Calvin Husbands

BEC: Appraisals – developmental or destructive?


In performance management circles it is said “what gets measured gets done”, to reflect that if the level of desired activity or behaviour is not assessed then it is less likely that someone would be motivated to perform the activity or exhibit the behaviour.

However, the rationale and logical perception that desired outcomes will easily accrue from assessment, is faced with several variables. Variables such as the proverbial “it is not just what you say but how you say it and it is not just what you do but how you do it”; persons tend to perceive themselves more favourably and others less favourably; persons generally do not like to be assessed unless the feedback is positive; and our society is often characterised by a preference to be critical of others rather than uplifting.

One does not have to look beyond the call-in programmes, social media, gossip columns etc. to see the prevalence of negative assessments of others. Effective performance appraisals afford the opportunity for the superior to specifically, objectively, empathetically and professionally discuss with his/her subordinate the observed activities and behaviours that were desired; the observed activities and behaviours that were undesired; and what can be jointly done to maximise the desirable and minimise the undesirable.

However, the major challenge to be recognised is that one, two or four appraisal review meetings conducted per year do not operate in a vacuum but need to be part of an ongoing performance management system. The appraisal review should not represent a forum to ambush the subordinate, that is, to download a litany of woes which the superior (and others if a 360 degree system is used) has mentally stored up over the review period. Rather, the appraisal review should provide for formal discussion of the desirable and undesirable observations, which have been shared throughout the review period.

As a result of the Employment Rights Act, we talk about natural justice and due process when dealing with dismissals, but it would be wise to remember that fairness and productivity dictate that an employee should be recognised and/or counselled on an ongoing basis for the positive and negative aspects of his/her work and demeanour. Is it fair to never acknowledge someone’s positive contributions or only to do so in a token way when appraised? Is it fair not to give someone the benefit of being aware of concerns when they arise and can be expeditiously addressed but rather to outline a litany of woes and potential negative ramifications during the appraisal?

If performance appraisal reviews are to be truly developmental they should seek to build morale and not demoralise. They should balance the positives with the negatives and not only focus on negatives. They should be part of ongoing dialogue and performance management. They should facilitate teamwork and not provide the opportunity for persons to undermine their colleagues. They should be user friendly and not overly complex and cumbersome. They should acknowledge the particular difficulties posed by the organisation’s environment and not assume that things are fully conducive to the maximisation of performance. They should recognise that persons face work life balance and other personal challenges, rather than adopting a “that is your problem and not mine” attitude.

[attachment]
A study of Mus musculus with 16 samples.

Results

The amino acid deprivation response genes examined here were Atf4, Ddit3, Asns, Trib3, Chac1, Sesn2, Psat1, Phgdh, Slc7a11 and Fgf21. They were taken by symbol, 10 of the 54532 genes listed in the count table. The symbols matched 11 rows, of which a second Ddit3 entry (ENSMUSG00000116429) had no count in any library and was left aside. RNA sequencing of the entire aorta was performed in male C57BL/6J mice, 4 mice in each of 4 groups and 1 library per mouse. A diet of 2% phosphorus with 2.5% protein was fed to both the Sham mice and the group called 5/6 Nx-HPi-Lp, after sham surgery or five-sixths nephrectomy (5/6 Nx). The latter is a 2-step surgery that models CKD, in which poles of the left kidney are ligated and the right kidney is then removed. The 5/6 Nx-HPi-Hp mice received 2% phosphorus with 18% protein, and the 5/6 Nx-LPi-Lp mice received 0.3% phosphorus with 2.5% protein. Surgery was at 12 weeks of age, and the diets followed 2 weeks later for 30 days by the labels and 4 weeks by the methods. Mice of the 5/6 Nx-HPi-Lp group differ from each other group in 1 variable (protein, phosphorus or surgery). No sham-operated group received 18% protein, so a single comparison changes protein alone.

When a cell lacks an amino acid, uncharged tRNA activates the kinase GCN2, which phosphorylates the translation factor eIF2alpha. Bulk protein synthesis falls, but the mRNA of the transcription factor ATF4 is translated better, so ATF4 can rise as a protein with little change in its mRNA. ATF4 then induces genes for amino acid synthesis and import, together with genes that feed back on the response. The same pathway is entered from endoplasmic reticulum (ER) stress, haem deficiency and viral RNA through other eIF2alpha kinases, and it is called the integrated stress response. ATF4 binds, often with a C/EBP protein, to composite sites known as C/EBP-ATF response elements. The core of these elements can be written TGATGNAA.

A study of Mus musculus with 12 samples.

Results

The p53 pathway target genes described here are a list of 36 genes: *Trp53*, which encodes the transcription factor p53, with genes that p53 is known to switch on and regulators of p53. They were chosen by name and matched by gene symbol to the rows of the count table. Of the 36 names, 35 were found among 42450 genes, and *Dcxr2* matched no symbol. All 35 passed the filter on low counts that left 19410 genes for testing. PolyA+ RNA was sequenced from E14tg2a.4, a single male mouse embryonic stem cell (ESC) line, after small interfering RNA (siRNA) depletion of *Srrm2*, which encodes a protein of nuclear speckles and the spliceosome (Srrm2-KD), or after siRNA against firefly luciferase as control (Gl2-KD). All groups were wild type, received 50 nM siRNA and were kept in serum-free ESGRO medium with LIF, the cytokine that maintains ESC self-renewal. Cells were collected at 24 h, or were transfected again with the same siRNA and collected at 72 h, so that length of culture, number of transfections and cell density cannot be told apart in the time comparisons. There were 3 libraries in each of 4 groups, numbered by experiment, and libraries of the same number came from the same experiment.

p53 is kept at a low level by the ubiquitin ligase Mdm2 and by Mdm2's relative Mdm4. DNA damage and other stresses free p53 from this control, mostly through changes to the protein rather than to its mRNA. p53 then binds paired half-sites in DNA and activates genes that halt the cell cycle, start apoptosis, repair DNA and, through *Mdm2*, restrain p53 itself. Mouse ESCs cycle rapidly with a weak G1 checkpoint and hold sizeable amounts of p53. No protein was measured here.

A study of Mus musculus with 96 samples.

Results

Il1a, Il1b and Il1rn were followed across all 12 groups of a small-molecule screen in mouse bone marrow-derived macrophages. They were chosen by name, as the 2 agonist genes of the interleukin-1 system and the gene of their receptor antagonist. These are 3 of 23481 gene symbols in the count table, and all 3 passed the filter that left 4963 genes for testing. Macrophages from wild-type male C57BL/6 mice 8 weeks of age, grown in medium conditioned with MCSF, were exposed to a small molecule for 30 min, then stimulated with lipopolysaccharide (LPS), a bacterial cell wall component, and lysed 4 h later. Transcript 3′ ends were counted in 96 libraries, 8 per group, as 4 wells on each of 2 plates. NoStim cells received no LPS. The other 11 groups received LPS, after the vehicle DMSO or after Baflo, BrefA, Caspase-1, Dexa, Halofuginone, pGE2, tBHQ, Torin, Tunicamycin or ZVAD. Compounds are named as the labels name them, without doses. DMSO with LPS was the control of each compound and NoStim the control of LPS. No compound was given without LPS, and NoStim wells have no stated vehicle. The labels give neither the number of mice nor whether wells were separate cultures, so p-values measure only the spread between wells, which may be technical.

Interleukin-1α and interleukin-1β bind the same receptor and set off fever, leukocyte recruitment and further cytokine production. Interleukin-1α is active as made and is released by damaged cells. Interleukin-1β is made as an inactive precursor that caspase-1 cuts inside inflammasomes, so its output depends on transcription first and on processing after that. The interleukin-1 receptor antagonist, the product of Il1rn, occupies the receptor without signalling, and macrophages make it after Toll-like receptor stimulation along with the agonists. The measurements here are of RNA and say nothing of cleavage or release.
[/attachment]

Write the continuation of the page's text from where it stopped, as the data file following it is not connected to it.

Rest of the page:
I am aware of a local company, which commissioned training on “performance appraisal systems for business effectiveness” because of a concern that the appraisal system could be better utilised by its managers and supervisors. Such concerns are not limited to Barbados since only recently in a British Broadcasting Corporation programme, it was reported that international consulting agencies – Accenture and Deloite were simplifying their internal appraisal systems in the hope of making them more effective.

In its booklet Appraisal And Appraisal Interviewing, The Industrial Society asserts, “To a large extent the continued viability of a company depends on the way in which its managers direct and control the basic resources of the organisation…the effective use of the other…resources depends upon the skill and high performance of the individuals within the organisation”. When one compares such assertion with the preceding, it reveals that performance appraisal can either be an asset or a liability. Therefore, the ultimate question is: how does your appraisal system measure up?

Calvin Husbands is a labour management adviser.